Thursday, July 30, 2009

Color Management for Photographers: Hands on techniques for Photoshop users

Color Management for Photographers:
Hands on techniques for Photoshop users
Andrew Rodney | 978-0-240-80649-5| PDF | 30mb

Other than the promise of fame and fortune? Truth be told, I had to be
convinced by some very persuasive friends and colleagues to undertake
such a project. In the end, I decided to write a book for those people who
felt that color management was too difficult—in other words, a very large
audience. There are a number of excellent books on the subject of color
management; some written by good friends! I wanted to write a book,
with a number of self-paced tutorials, to help readers not only understand
how a process works but what buttons to press.
My analogy (I am big on analogies, as you will see) was that of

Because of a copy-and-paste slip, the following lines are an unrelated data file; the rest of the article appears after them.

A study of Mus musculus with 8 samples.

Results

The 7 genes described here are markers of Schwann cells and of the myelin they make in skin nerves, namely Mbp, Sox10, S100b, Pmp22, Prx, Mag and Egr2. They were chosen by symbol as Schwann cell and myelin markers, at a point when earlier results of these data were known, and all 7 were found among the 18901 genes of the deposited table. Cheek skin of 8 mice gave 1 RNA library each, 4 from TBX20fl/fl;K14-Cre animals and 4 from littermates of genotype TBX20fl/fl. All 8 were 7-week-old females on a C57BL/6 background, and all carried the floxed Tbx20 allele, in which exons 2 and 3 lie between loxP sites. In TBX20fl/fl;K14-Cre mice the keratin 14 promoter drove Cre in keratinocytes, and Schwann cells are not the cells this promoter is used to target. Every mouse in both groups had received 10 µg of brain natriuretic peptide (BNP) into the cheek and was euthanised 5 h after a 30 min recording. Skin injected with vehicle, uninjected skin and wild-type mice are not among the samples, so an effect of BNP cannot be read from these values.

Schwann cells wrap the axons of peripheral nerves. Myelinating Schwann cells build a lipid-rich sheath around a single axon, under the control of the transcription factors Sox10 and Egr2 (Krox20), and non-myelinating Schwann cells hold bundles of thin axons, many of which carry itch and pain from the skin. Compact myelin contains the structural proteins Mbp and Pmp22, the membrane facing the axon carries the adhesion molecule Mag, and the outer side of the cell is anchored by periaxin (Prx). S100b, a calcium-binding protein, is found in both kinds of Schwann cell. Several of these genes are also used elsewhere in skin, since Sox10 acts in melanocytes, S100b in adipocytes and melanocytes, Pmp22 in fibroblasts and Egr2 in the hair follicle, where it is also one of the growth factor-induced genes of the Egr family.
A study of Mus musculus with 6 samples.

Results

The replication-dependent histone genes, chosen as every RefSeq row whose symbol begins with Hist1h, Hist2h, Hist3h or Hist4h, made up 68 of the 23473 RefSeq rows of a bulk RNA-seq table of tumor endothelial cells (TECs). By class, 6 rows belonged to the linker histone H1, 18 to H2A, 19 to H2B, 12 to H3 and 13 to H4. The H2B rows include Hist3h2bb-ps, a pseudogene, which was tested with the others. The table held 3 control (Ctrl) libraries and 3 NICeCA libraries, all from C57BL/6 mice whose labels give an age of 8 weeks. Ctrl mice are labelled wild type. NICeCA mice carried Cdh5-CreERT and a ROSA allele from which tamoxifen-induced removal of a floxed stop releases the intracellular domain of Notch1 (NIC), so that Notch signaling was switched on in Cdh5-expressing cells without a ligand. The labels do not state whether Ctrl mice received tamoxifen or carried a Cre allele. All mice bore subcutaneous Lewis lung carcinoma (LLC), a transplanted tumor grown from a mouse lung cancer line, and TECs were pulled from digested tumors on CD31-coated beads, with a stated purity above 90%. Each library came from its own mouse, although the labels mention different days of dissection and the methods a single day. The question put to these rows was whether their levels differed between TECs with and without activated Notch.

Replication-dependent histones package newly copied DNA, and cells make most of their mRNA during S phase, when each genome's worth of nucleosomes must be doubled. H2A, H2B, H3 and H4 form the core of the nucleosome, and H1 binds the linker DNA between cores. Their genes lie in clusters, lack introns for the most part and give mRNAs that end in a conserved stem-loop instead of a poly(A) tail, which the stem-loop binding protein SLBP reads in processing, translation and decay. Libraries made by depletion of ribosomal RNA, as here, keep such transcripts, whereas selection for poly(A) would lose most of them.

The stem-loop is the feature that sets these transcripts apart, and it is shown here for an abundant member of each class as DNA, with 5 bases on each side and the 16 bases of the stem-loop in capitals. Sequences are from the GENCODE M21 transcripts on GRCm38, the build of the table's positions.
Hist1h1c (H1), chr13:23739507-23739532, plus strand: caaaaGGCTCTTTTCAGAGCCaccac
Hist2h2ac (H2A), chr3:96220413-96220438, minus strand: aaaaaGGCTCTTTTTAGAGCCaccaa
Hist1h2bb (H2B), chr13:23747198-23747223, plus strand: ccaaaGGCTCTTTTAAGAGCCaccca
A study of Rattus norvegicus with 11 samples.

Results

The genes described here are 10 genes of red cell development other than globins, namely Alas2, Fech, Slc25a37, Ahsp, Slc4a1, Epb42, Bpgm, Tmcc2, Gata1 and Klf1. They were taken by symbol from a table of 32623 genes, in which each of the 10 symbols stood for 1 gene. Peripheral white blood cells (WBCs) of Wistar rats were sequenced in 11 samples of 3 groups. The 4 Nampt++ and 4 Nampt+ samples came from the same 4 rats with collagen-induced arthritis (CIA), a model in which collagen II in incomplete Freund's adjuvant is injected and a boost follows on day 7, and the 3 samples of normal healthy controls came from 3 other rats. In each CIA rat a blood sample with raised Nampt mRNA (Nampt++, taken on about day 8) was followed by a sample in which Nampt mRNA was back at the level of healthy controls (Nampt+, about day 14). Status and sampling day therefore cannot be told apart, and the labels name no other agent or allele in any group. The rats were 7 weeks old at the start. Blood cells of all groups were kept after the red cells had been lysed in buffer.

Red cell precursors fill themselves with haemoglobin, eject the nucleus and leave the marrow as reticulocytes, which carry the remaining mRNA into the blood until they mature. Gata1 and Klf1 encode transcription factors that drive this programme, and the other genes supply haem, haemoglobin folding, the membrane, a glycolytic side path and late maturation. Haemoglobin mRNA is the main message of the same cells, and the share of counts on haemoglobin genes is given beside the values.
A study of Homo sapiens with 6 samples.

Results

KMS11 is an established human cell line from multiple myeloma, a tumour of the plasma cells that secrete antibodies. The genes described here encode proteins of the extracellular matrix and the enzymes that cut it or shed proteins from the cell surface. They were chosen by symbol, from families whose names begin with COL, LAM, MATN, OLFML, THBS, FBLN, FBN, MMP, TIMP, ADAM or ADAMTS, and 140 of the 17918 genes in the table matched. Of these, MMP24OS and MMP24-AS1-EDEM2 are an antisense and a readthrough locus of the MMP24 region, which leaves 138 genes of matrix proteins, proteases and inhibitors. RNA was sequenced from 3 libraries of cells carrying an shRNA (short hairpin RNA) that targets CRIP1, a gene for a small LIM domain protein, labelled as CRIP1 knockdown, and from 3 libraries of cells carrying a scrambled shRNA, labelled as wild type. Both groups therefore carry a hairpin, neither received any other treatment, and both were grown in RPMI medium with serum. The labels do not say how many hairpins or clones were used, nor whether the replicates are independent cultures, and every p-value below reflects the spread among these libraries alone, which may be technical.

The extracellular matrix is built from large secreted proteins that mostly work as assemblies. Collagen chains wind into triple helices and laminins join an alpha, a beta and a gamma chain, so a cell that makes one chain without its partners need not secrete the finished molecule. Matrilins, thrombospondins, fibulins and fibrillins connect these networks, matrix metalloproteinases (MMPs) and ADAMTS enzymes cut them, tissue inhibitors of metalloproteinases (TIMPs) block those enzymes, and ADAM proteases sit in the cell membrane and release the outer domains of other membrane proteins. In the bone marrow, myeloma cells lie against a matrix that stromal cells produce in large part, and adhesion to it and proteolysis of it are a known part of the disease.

someone who has to learn how to become a good driver. Although it is
not necessary to understand how an internal combustion engine works,
let alone how to rebuild one in order to drive an automobile, having
some familiarity with the mechanics of an automobile can beneficial.
When the battery in your car dies, it is helpful to know where the battery
is located and how to jump-start the vehicle. Mechanics, whether in automotives
or in color management, can’t be totally ignored. There is a fine
line between understanding color theory and simply using the color
management tools available to get acceptable results. This fine balance
became my quest for the Holy Grail of color management in book form,
geared toward those who need to spend the majority of their time getting
actual work accomplished.
My goal in this book is to distill the complexities of color management
as much as possible so that you can get on with creating and printing
images. If you happen to be the kind of person that just has to know
precisely how everything works, you will find a list of excellent resources
on both color management and color theory in the Web Sites listing in
the back of the book. There are many web sites where you’ll find “color
geeks,” as I affectionately like to call them, in endless discussions of how
many ICC profiles can dance on the head of a pin.